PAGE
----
Nightly reflection

Nightly reflections

I view with pleasure and approval the way you keep on at your studies and sacrifice everything to your single-minded efforts to make yourself every day a better man

Seneca, Letter V

This was the habit of Sextius, so that at day’s end, when he had retired to his nightly rest, he questioned his mind:

What bad habit have you put right today? Which fault did you take a stand against? In what respect are you better?

This is a privilege I take advantage of, and everyday I plead my case before myself as judge. When the lamp has been removed from my sight, and my house has fallen silent, I examine the whole of my day and retrace my actions and words; I hide nothing from myself, pass over nothing. For why should I be afraid of any of my mistakes, when I can say: ‘Beware of doing that again, and this time I pardon you. In that discussion you spoke too aggressively: do not, after this, clash with people of no experience; those who have never learned make unwilling pupils. You were more outspoken in criticizing that man then you should have been, and so you offended, rather than improved him: in the future have regard not only for the truth of what you say but for the question of whether the man you are addressing can accept the truth: a good man welcomes criticism, but the worse a man is, the fiercer his resentment of the person correcting him’?

Seneca, On Anger, Book 3, Section 36

Undertaking a nightly reflection is one strategy that the Stoics present to us to examine our impressions, actions, words and behaviours. A chance for us to set aside some focused time to examine if we are conducting ourselves in accordance with Nature. I decided to give the nightly reflection a go and make this a part of my night routine. It took about six months of nightly reflections to fill my journal.  

For me, the structure I decided to use was to dot point out my day, and then move into a reflections piece at the end, where I recorded where I wanted to improve, what my learnings and reflections were. When I went back to do a review, I was able to see just how much I had accomplished, the things I had done, events attended, and so forth, that I had forgotten all about!  

If you’re considering incorporating a nightly reflection into your daily routine, here’s some of my own takeaways and learnings:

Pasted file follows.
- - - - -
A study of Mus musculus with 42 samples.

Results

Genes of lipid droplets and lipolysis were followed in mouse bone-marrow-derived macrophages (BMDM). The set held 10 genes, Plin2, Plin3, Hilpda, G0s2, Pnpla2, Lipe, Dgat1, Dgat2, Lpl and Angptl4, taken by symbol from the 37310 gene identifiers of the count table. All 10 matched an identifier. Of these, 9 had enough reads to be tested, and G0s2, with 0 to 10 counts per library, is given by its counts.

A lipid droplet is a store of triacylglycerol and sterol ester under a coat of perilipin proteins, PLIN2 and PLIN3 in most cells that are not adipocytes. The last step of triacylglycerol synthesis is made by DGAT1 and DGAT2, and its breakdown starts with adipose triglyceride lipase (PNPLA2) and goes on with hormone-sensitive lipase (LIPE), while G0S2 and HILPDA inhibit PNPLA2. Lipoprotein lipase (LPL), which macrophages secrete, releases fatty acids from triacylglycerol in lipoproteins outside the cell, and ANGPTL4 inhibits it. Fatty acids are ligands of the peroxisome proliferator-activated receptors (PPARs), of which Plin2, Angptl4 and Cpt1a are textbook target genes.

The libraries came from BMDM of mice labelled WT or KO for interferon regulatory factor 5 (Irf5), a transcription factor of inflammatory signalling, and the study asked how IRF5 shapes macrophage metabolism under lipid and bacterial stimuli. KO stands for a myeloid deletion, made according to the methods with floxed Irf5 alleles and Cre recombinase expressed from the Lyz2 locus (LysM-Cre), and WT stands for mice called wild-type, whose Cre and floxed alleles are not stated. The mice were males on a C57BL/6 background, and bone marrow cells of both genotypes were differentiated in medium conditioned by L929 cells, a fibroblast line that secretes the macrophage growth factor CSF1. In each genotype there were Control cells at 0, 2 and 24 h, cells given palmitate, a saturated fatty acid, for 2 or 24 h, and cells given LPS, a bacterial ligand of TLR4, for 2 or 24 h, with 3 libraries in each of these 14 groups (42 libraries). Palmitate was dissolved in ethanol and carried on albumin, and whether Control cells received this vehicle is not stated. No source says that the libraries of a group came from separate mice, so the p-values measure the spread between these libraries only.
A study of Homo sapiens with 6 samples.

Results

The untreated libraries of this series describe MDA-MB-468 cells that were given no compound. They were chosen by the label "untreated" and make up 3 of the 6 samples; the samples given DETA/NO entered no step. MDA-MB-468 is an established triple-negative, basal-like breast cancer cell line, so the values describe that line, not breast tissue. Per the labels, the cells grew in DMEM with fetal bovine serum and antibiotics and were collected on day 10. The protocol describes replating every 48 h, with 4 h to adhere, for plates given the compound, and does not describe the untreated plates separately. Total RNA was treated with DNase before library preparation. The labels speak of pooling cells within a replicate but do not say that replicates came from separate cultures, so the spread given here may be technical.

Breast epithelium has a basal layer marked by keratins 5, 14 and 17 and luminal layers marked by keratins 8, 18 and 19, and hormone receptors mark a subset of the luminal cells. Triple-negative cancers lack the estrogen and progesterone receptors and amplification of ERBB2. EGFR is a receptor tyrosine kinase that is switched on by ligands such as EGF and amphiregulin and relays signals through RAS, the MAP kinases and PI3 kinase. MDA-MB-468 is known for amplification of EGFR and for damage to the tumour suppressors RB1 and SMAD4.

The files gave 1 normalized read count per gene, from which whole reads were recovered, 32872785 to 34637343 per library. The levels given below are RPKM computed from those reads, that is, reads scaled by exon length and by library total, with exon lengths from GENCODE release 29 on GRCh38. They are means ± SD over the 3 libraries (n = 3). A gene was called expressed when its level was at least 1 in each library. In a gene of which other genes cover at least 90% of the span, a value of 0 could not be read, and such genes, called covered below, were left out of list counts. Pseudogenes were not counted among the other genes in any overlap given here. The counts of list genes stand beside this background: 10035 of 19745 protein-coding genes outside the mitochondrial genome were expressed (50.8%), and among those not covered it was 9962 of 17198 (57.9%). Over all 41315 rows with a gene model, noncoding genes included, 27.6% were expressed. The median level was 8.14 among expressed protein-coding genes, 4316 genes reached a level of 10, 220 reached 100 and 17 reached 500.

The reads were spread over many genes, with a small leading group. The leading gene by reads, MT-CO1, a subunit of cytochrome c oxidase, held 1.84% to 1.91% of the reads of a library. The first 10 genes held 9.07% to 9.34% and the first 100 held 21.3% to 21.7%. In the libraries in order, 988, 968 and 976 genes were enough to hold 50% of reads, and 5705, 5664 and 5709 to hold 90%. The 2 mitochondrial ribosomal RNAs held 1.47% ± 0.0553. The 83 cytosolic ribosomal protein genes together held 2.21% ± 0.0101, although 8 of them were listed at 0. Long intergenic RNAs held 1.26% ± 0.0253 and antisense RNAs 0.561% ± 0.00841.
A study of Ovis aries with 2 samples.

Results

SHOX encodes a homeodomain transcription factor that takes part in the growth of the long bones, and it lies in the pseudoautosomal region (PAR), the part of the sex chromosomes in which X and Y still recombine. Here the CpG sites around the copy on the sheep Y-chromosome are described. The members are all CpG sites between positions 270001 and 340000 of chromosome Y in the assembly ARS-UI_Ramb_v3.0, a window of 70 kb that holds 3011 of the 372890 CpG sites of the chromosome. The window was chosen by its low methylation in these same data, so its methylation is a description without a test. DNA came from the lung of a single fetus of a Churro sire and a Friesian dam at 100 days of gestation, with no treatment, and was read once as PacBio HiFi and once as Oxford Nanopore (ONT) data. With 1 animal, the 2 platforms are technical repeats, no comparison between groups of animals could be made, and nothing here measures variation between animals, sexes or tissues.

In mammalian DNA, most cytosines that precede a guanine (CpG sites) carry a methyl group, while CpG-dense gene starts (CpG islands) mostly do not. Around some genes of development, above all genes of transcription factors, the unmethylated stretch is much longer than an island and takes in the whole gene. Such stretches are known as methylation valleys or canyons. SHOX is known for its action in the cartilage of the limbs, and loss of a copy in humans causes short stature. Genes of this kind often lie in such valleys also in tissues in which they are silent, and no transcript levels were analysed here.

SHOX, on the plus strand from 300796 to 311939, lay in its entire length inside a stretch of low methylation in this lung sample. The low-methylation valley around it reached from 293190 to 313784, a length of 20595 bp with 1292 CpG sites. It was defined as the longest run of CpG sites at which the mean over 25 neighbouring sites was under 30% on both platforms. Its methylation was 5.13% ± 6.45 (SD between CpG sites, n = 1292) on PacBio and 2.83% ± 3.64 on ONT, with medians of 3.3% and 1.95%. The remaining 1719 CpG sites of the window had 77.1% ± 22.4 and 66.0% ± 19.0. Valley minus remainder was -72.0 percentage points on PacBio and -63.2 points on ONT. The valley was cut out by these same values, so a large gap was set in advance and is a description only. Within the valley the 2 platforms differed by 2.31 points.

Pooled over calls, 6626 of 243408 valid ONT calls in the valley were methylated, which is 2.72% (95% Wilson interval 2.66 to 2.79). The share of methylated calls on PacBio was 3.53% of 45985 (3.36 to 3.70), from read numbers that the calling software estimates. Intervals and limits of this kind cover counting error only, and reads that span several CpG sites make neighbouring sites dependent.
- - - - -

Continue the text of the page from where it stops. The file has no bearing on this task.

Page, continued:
1. Use a template or design that works for you. A common template is to answer three questions – what did I do well today? What did I do not so well today? What could be improved? 
  2. Write when it works best for you. It does not need to be done ‘once the lamp has been removed from sight and the house has fallen silent.’ I tried. I was too tired. I didn’t want to do it. It won’t work if you have had days where you haven’t acted accordingly. For me, doing this either right before or after dinner worked best. I had ample time, and energy, to properly reflect. As a result, it was something I wanted to do rather than being something I had to do 
  3. If you are in the mood to write, then write. You don’t have to wait until night time, or when it’s next ‘scheduled.’ If you have comments to make to yourself, then write away 
  4. Physical journalling worked for me. I enjoyed the slower process of putting pen to paper. We are also luckily to have new technologies, so if you prefer, use Notes, or Word, or DayOne, etc. It’s your practice, so use what you feel comfortable using 
  5. It’s okay to write when you feel the need to, rather than each day. Again, it’s your personal practice. What works for you works. 
  6. It doesn’t just have to be about you and your review. It a quote comes to mind, write it down. If a friend said something insightful during a catchup, record it along with your reflections 
  7. Don’t forget to review and revisit your prior reflections. Are there any recurrent themes? Are you making progress? What do you need to focus on next? 
  8. Be kind. Remember that we are all on our own paths towards the Sage. We will make mistakes, say the wrong thing, form incorrect impressions. Don’t be too hard on yourself. 

As an exercise, the nightly reflection is something that I recommend that you try out and give it a go. If you have any other recommendations, tips or thoughts, let us know.